For some time I've tried to get the Angstrom 2.6.23 kernel to work with Debian on my C860, but I've been bitten by the altboot bug (see http://bugs.openembedded.org/show_bug.cgi?id=1718 for example), where the system freezes a few seconds after booting.
I think I've found a solution to this issue. After doing some experimenting, it looks like the system hang can be prevented by executing /etc/init.d/sysklogd script early on during initialisation. I don't know why this should stop the hanging, but it does. So to ensure this is run early in initialisation,
ln -sf ../init.d/sysklogd S01sysklogd
Note that you still have to be fast at selecting option 1 (boot from flash) or 3 (boot from SD card) in the altboot menu, and that you usually have to make the selection twice. I also commented out line 474 of /etc/altboot.func, so that it says
#$FSCK $1 || sleep 2
otherwise when booting from SD card, it always checks the filesystem, which takes forever, and may lead to the system freezing because the syslog daemon is not executed in time.
My current setup is as follows:
Latest Angstrom kernel and console image including altboot installed on flash.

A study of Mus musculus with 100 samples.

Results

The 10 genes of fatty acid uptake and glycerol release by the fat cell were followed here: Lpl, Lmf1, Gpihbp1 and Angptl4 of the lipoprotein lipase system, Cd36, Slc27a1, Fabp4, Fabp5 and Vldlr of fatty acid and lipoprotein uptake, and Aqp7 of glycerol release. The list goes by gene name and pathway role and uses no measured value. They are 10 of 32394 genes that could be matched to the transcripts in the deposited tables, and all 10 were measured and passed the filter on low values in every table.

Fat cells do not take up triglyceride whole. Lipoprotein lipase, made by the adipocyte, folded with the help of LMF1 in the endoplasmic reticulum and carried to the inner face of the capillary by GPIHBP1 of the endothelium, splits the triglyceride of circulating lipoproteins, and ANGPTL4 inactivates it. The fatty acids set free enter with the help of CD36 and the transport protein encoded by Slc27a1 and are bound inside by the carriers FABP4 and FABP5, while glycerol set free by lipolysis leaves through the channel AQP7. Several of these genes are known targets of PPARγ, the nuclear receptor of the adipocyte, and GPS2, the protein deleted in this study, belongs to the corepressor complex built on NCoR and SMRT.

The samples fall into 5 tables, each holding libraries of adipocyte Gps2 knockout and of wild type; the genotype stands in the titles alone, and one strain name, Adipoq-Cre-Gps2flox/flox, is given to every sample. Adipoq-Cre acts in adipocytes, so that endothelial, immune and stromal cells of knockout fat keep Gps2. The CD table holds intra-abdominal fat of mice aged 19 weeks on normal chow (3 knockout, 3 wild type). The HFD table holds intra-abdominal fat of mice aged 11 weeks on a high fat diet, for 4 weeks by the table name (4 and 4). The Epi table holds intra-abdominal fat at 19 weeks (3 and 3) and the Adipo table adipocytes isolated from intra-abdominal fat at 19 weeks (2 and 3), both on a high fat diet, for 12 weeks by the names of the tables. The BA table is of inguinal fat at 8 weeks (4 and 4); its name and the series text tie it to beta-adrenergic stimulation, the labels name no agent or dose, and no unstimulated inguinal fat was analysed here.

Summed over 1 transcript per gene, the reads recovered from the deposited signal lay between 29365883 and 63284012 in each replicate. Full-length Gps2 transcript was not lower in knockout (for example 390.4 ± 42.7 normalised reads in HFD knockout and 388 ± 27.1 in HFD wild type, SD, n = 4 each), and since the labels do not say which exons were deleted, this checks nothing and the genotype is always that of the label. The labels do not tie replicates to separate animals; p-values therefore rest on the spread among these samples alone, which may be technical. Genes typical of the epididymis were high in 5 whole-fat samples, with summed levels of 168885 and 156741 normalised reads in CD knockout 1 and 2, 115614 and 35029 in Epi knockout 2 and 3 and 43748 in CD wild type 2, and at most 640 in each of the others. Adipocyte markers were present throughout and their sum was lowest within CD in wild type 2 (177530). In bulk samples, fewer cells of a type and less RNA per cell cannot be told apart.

Debian tarball unzipped to SD card (in /debian directory).
Angstrom filesystem unzipped to SD card (in /angstrom directory).
The failsafe mode is to boot Angstrom from flash. To experiment with the minimum requirements needed for booting, I
ln -sf angstrom/* .
Then I play around with which scripts I keep inside /etc/rcS.d and /etc/rc5.d, run altboot, select option 3, and see if the system boots. If it doesn't, I remove the power, select altboot option 1, boot from flash, and make further changes.
To boot Debian, I
ln -sf debian/* .
and then boot from the SD card.
At the moment I haven't got the CF card working, so maybe this functionality has been removed from the kernel so that I need to load a module or something.
In theory this technique could also be used for other distros, such as Android.
I might have missed other dependencies, such as one or two binaries from Angstrom /sbin, but if other people try this method for determining what the boot requirements are, then we would get a definitive answer. If anyone gets this to work, please add further comments to this thread.